President Bashir at the presidential palace in Khartoum, 5 March
Some 10,000 Sudanese rallied in support of their president

By Peter Martell
BBC News, Khartoum

Waving a stick in the air in front of a supportive crowd of thousands, Sudanese President Omar al-Bashir punched the air to roars of support.

He looked little like a man on his first full day as an international fugitive - following an arrest warrant on charges of war crimes and crimes against humanity.

The true criminals are the leaders of the United States and Europe... One day we will take them to justice
President Omar al-Bashir
Some 10,000 protesters crammed themselves into central Khartoum in support of the president, following the issuing on Wednesday of an arrest warrant from the International Criminal Court.

'Real criminals'

Instead Mr Bashir scoffed at the warrant, telling the mass rally in the packed downtown district of Khartoum that Western leaders were the real criminals.

Omar al-Bashir: "We will not succumb to colonialists"

"The true criminals are the leaders of the United States and Europe," he told the crowds to loud cheers.

He in turn accused the United States of genocide against the Native American Indians, as well as in Vietnam and in the atomic bombing of Hiroshima in 1945.

"One day we will take them to justice," he added.

It was not clear if the president was joking, but the crowd loved it.

According to the United Nations, some 300,000 have died in Darfur since the conflict erupted in 2003 and more than two million have been displaced - figures strongly rejected by Khartoum.

Street party

At one point, the dancing 65-year-old even gave tongue-in-cheek thanks to the ICC prosecutor Luis Moreno-Ocampo - for bringing the Sudanese together on the streets.

We will show you what we are made of
Sudanese protester

The roads were clogged far out from the centre with busloads of protesters travelling to the demonstration, singing in support of Mr Bashir as they went.

Not all support Mr Bashir. There is little love lost for the leader in those areas affected by the long years of fighting with Khartoum, such as Darfur, the east or the south.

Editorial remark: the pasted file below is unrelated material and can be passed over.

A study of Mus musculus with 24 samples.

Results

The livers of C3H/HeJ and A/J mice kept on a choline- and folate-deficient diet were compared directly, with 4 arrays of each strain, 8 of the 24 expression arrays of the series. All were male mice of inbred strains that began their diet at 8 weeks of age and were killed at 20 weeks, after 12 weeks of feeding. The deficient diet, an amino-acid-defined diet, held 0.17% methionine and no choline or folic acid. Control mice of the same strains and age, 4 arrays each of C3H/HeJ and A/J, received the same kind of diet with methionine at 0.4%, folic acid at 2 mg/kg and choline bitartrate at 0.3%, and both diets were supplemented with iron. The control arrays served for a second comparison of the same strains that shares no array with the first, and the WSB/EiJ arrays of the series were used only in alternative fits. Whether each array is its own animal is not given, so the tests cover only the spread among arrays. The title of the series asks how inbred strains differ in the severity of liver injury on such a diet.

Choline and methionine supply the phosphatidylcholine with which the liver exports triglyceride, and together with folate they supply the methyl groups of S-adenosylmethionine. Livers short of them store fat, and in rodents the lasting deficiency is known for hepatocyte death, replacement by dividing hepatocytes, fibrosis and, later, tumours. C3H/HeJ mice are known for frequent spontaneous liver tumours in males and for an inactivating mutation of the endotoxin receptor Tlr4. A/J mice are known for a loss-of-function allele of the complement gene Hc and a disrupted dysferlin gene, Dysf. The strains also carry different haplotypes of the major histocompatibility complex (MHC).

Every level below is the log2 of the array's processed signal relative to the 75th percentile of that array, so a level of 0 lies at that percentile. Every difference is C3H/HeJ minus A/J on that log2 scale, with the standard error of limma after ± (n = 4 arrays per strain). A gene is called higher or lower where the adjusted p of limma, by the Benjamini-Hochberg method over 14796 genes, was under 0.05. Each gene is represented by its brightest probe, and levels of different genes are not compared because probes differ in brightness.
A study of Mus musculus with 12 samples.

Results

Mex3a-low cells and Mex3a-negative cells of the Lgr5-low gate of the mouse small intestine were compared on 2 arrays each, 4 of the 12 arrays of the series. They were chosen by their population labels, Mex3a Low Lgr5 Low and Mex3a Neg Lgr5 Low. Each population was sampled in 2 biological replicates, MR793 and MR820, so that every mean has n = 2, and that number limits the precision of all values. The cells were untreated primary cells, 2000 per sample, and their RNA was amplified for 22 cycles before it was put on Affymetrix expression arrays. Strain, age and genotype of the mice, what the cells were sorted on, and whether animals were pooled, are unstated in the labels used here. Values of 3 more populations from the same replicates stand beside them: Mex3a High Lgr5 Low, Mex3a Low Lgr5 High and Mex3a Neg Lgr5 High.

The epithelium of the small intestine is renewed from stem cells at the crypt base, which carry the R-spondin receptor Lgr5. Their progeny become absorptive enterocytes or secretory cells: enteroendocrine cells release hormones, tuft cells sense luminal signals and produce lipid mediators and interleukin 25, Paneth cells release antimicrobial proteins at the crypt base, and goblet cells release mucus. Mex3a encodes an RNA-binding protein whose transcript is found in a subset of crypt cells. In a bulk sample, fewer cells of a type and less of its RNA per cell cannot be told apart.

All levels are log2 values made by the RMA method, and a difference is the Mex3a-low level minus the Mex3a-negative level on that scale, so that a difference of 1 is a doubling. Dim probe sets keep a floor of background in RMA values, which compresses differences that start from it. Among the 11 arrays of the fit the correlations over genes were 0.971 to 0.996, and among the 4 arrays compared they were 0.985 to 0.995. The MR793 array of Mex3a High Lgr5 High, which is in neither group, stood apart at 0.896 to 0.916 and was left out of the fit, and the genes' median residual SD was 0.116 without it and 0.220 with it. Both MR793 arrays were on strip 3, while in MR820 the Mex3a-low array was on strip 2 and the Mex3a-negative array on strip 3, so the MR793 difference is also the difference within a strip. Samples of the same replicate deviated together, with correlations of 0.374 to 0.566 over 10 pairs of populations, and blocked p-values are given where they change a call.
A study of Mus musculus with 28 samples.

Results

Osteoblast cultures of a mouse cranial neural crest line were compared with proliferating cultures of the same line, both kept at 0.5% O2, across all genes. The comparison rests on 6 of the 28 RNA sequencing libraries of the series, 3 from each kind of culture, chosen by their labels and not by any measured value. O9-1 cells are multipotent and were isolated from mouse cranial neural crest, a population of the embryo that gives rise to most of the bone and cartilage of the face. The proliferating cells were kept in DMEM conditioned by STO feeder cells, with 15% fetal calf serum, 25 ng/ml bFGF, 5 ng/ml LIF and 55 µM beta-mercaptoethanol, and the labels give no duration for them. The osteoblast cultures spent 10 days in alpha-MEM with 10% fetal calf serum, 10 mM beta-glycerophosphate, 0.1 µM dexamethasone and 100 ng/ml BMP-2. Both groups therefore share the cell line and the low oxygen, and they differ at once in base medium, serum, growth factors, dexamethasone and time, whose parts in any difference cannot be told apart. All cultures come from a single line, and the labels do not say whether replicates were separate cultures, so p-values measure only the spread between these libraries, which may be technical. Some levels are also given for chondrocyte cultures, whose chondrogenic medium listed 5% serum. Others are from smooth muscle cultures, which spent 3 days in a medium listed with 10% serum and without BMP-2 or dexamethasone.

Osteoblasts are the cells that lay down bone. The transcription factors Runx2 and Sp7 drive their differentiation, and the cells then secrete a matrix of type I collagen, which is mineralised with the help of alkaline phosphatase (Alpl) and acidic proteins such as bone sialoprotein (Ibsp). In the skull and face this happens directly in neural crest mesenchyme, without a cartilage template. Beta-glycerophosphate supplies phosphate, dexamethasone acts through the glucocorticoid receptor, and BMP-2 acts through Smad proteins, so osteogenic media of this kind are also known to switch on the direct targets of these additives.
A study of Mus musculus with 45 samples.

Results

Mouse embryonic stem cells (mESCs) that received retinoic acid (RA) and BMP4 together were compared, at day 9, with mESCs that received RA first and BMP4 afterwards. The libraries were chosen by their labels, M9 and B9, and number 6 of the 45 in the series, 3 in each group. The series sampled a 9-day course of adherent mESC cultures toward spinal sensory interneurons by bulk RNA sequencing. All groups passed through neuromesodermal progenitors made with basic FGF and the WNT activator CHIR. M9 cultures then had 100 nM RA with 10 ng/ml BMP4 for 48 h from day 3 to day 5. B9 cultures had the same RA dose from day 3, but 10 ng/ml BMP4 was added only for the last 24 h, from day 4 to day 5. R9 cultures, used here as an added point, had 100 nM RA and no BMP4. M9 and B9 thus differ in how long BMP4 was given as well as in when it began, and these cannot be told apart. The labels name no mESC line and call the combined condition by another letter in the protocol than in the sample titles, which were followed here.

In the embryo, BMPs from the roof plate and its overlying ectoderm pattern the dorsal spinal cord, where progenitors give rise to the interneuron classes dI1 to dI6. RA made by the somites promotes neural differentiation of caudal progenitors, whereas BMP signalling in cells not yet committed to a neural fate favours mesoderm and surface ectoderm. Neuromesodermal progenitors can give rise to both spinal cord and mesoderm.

But here in the heart of government loyalists, there was almost a party atmosphere.

A group of women chanted "Down with Ocampo", while a column of school-children shouted, "Down, down America".

'Western spies'

But others grew angry when Mr Bashir accused Western nations of neo-colonialism, and directed their anger at the few foreigners in the crowd.

Sudanese women hold pictures of Sudanese President Omar al-Bashir during a speech delivered by al-Bashir at the entrance of the presidential palace in Khartoum, Sudan Thursday, March 5, 2009
Some Sudanese want foreigners out of the country

"We will fight anyone who thinks they can stop the president," said one demonstrator.

"We will show you - the Western nations - what we are made of," a colleague added.

Asked what they thought of the expulsion of 10 aid agencies accused by Khartoum of collaborating with the ICC, protesters seemed not to care.

"We don't need Western spies," one spat.

Amnesty International has warned that more than 2.2 million vulnerable Sudanese face the risk of starvation and disease if the expulsions continue.

But as the angry protesters closed in with a threatening manner, the message was clear: "All foreigners go, all of you, go now," they shouted.

Other Sudanese rushed to offer reassurance that foreigners were welcome, but had a similar attitude.

"We just need a Sudanese solution to a Sudanese issue," one elderly man explained more calmly.